Or a gold star either
I’ve been having a lot of revelations lately. (Thanks, therapy!) And I had one in step aerobics last week.
I love step aerobics. It’s basically cheerleading and dance and upbeat music and, to me, it’s really fun. I did it a lot in my 20s, but I’ve only gone to this class a handful of times. The teacher reads a quote from Richard Simmons before each class and I can tell everyone who goes to it is a regular and it’s just a fun, happy, open, accepting place. The average age is definitely a few years older than me, so this is not a Lululemon fashion show instagram competition. (Thank goodness.)
But! Last week, as we were warming up, I could feel the anxiety rising in my chest. This happens at the start of any of my workouts (and probably for many others, too). Ugh, this is going to hurt. I’m going to get so tired. I don’t wanna. starts churning through my head. Even though I do, in fact, wanna! I like this class! That doesn’t mean I won’t get tired or experience normal, reasonable muscle fatigue. I’ve had this experience before, and I’ve even been able to stop myself and think, hey, does it even hurt yet? Or that much? and quiet my brain, at least a little.
Then it came to me. Maybe it wasn’t the pain or fatigue I was dreading. I think I was worried about doing step aerobics perfectly. I realized: I do not have to get an A+ in step aerobics. The teacher is not grading me. She is only even watching me to make sure I’m having fun and being safe. No one else in the class is paying attention to me either! I am not in the running for valedictorian of step aerobics. I can do what I want. I can do what my body needs. That’s it.
It was revelatory! I had so much fun! I took breaks! I didn’t care! When I got on the wrong foot, I waited a beat and got back on the right one! Friends, it was awesome. I highly recommend this mindset.
AND GUESS WHAT!? You also do not have to get an A+ in writing or querying or being a published author, either. You can write because you like it. You can just do it. You can do the things you are able to do. You can focus on what you like about all this stuff, especially while writing, and then think about how the book will interact with publishing professionals.
I know you are thinking that if you do not strive to get an A+ then it will feel like you won’t get published or won’t be successful or whatever it is you are aiming for. But doing things perfectly (which doesn’t exist) will not guarantee your success. And messing up, which we all do, which isn’t actually that well-defined either, is not guaranteed to tank your career. I know that level of uncertainty can cause a lot of anxiety. It sucks. But that is just how it works. If there was a checklist of things to do perfectly that ensured success, then everyone would do it and everyone would be published and all books would be the same.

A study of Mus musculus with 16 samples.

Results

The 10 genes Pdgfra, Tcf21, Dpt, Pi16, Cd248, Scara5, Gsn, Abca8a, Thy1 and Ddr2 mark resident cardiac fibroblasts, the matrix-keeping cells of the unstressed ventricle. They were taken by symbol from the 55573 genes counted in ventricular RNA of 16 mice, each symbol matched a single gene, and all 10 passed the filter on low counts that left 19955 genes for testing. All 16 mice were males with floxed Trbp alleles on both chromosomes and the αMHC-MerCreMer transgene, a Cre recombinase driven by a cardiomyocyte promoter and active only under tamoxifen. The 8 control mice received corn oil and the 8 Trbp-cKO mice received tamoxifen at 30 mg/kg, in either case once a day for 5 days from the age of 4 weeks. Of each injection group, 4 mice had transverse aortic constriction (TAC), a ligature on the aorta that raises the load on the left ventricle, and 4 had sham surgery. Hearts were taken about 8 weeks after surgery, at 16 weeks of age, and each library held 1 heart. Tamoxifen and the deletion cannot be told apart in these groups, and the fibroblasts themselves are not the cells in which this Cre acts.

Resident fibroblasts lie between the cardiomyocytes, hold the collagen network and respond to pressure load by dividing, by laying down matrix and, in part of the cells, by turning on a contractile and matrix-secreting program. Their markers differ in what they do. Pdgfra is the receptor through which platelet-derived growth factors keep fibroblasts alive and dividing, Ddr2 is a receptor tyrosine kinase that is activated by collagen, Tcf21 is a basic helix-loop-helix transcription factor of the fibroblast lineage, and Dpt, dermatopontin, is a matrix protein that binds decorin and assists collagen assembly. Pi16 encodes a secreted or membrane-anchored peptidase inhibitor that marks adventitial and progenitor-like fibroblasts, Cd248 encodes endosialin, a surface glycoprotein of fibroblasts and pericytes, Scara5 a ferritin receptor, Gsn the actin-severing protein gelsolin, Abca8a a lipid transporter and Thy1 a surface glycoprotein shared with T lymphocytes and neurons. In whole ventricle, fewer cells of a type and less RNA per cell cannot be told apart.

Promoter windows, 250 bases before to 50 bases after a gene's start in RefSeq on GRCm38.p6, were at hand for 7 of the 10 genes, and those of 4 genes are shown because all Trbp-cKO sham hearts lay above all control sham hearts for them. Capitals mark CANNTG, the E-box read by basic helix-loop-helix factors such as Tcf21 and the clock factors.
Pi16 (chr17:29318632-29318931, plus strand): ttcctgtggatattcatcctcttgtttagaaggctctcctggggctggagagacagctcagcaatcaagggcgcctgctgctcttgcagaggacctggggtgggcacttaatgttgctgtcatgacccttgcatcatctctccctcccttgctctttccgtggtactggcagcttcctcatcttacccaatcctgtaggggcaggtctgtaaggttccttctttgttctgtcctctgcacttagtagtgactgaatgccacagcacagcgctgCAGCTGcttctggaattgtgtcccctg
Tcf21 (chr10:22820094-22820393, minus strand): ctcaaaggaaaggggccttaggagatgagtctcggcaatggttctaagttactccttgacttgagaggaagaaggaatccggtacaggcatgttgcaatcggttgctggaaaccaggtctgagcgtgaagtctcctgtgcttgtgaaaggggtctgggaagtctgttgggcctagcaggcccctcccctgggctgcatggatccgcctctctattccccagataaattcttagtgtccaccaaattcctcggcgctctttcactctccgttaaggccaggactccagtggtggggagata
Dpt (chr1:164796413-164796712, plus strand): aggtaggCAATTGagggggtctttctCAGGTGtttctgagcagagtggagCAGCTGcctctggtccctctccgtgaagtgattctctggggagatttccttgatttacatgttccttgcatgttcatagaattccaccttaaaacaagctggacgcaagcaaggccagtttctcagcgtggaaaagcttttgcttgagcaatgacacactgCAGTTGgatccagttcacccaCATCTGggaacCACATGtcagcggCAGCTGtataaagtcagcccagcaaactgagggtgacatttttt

Keep in mind, though, that not striving for a A+ from an agent or editor is not the same thing as thinking about the reader, the person you hope will buy your book from a store one day. Are publishing professionals readers? Yes, but I think it is useful to separate the two, as much as you can, at least while writing and editing and drafting, so that you can avoid the traps of people-pleasing while you write. Thinking about the reader’s reaction when making stylistic choices (maybe don’t name that character in your horror novel Brad Diesfirst, maybe the second person works in your book—or maybe it doesn’t) or in editing (I’m sorry but fewer readers want 290,000 word long books, especially debuts) instead of asking if you’re allowed by publishing to do any of those things will benefit your work. You might have to consider what publishing wants somewhere along the way (which sucks tbh) but you can do it later in the process. I promise that’s ok. I know it is scary to write a whole book or proposal without worrying is it marketable???? and I know you will read conflicting advice about this elsewhere. I’m not saying never think about the market, but thinking about it first is the wrong way to go, imho. Don’t try to get an A+ in writing for the market. Get an A+ in writing the book you want to write.
I cannot promise writing the book you want to write will lead to publication. I cannot promise that writing a book that gets an A+ in the market will lead to publication either. ¯\_(ツ)_/¯ If both paths have basically equal chances of success (and there is no data here, sorry), you might as well do what you want, no?
I’m working on this, too. In one of my going projects, I am constantly thinking well if maybe I just change this or I should ask X what they think the perfect solution here is or if I just knew Z, everything would work out. In another, I am toying with adding a whole ‘nother POV character, which will balloon my word count (which will later get edited down), will create a ton more work, and will take a lot longer. Should I do it? Will it make a difference in if it will get published? Is it the right thing for my genre? ¯\_(ツ)_/¯ But I want to, and I think it’ll work, and I need to see. So I just have to go do it. I’m going to get an F in this draft of the book, because it is a shitty first draft, and I shouldn’t get an A in it. There are no A+ first drafts.
You don’t have to get an A+ in publishing. You still have as much a chance in getting published as anyone. That doesn’t mean you don’t work hard and do your best and polish your work. It just means there’s no one out there handing out grades. You can put your hand down. You can just write your stuff.